50 miles SW of Cumberland; 190 miles W of Baltimore; 120 miles SE of Pittsburgh

Garrett County's mountain scenery has beckoned visitors for centuries. Native American hunters combed these hills a thousand years ago looking for game. In Colonial days, this was the American frontier, populated mostly by Indians and trappers. Few settled here until the coming of the Baltimore & Ohio Railroad in the 1850s. Farmers, coal miners, and loggers were the first to arrive. During the Civil War, the railroad provided a needed supply link, and Garrett towns became the targets of Confederate attack. Once peace returned to the country, Garrett became a vacation destination. Three presidents -- Grant, Cleveland, and Harrison -- vacationed here.

Once Deep Creek Lake was created in the 1920s and the Wisp Resort built in 1944, leisure travelers had even more reasons to make the trip to Garrett County. Deep Creek Lake is now the state's largest freshwater lake, nearly 12 miles in length, with 65 miles of shoreline occupied by private vacation homes and chalets. The northern end is where the action is -- the commercial centers, the Wisp Resort, and the waterfront hotels and inns are all located here. Summer temperatures, averaging a comfortable 66°F (19°C), draw visitors escaping the heat and humidity of the big cities. In winter, Deep Creek Lake is Maryland's premier ski resort, with an average temperature of 28°F (2°C) and a yearly snowfall of more than 100 inches.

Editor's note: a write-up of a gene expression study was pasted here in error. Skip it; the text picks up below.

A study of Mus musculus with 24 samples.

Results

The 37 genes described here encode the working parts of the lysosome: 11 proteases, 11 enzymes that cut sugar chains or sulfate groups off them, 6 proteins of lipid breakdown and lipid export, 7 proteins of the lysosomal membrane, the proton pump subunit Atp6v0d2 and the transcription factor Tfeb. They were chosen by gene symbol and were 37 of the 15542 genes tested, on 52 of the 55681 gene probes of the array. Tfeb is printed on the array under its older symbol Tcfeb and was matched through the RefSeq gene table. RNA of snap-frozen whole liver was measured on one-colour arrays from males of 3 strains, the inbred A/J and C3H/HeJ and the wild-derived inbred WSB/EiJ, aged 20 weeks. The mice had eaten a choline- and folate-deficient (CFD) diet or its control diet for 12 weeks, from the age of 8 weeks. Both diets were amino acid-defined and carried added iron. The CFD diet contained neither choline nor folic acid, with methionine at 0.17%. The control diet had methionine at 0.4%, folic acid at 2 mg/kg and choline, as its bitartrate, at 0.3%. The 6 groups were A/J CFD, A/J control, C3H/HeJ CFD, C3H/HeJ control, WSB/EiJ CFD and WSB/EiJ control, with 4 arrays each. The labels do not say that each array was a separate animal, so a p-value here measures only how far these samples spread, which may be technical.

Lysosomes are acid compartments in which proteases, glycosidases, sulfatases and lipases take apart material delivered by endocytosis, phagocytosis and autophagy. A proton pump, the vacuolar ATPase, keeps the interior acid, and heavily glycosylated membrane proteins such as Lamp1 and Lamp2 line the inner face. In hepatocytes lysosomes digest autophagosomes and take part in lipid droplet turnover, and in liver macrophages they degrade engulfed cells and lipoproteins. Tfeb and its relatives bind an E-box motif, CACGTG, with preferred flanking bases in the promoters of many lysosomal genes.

In recent years, Garrett County has become a four-season destination as well as the place for mid-Atlantic residents to buy a second home. It's centrally located between Pittsburgh, Baltimore and Washington, and eastern Ohio cities, a 3- to 4-hour drive from each. Visitors can hike or bike the scenic trails; go skiing, snow-tubing, or snowshoeing; take to the waters and try boating, fly-fishing, kayaking, or white-water rafting; and visit antiques and crafts stores. Or they can do nothing but sit back and enjoy the old-time charm that this region has long been known for.